Prior to any division of marital property, it will be necessary for both you and your spouse to complete a financial statement that will list all assets and obligations. It is important to be forthright in providing this information, as it is against the law to attempt to hide assets in a divorce proceeding.
All property acquired during a marriage is presumed to be marital property, but either spouse can overcome that presumption with proof that specific property may be separate in nature. An inheritance, for example, may be separate property based on how it was treated by the respective parties.
A general rule is that the parties will each receive 50 percent of all property unless good cause exists to award one less or more than half. Seldom will each spouse receive the exact same property division; more typically, the judge will divide the property equitably, and each will receive different assets of relatively equal value.
The court is especially protective of children when they are involved in a divorce but tends to favor an agreement that can be worked out by the divorcing parents over one imposed by the judge. To that end, court-ordered mediation may be appropriate. If possible, shared parenting plans with an active role by each spouse is desirable.
In general, there are two kinds of care issues regarding children; decision making responsibilities regarding matters such as religion and education choices and the day-to-day care taker functions.
In the vast majority of cases involving children, child support is calculated using a statutory mathematical formula. The judge does, however, have wide discretion, to make any child support orders he or she feels is appropriate.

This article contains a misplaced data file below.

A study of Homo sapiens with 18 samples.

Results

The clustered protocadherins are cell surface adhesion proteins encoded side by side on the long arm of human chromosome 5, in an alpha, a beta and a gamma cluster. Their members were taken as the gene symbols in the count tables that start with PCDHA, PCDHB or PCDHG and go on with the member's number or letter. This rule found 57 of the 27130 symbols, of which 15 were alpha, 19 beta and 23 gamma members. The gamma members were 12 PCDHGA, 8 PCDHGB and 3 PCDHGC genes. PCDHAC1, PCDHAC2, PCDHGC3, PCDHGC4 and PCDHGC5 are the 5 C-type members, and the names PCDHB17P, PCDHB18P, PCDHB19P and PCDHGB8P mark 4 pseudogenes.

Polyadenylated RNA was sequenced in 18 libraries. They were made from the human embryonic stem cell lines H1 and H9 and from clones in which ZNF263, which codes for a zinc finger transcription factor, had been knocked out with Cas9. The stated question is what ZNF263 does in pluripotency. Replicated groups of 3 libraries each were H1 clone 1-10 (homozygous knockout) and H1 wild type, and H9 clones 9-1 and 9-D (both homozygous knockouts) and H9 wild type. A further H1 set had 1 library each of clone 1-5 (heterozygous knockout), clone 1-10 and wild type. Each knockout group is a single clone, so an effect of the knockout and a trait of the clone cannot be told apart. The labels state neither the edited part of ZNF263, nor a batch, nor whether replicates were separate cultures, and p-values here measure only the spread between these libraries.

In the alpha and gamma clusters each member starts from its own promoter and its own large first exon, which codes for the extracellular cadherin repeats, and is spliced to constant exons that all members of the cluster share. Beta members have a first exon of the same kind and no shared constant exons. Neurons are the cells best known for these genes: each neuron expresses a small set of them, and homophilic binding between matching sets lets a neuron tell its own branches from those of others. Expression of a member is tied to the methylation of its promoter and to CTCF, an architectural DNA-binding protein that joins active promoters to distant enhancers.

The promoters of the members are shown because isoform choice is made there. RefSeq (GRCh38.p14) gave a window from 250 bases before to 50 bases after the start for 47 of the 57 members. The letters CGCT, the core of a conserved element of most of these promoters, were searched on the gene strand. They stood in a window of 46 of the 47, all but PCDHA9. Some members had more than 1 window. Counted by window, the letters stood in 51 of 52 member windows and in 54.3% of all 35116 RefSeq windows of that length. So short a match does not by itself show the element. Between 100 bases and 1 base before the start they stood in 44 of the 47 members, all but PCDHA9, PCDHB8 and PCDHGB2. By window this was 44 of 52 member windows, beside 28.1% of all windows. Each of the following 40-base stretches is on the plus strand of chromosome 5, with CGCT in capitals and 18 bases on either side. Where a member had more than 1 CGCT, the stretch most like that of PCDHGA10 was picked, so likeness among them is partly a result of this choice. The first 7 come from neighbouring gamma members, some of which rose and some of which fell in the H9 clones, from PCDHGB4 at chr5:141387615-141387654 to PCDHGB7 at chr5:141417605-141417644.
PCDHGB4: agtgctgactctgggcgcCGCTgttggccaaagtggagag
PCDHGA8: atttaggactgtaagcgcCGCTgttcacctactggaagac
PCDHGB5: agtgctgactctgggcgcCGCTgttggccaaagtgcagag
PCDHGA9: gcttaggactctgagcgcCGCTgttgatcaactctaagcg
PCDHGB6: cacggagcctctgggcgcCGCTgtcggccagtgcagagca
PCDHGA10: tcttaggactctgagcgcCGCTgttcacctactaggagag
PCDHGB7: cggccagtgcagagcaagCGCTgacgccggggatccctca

Alimony, or spousal support, is not determined based on any specific formula. Whether it is awarded at all or for how long, is based on a number of factors including length of marriage, the financial situation of each spouse, whether one spouse provided domestic support during the marriage and how able each is to earn an income capable of providing a minimum standard of living.
Based on the facts and circumstances of the divorce, the judge may be involved in issuing a protective order if there has been any history or threat of domestic violence. Additionally, if you changed your name when you were married and wish to resume using your maiden name, you cannot simply do so after your divorce is final. You need to request a name change as part of the judge’s order setting the terms of the divorce.
Minimizing the Judge’s Role
Although the judge must approve and finalize all the specifics of your divorce, the more you and your soon to be ex can agree on, the better. It will save you time and money, and even if you don’t get everything you want, most people are more satisfied with terms they have agreed to than ones imposed by judicial order.
If you’re unsure of what’s going to happen, it might be a good idea to speak to a divorce law firm in NYC who can help. Contact us – we give a risk free consultation to all new prospective clients. There’s absolutely no obligation.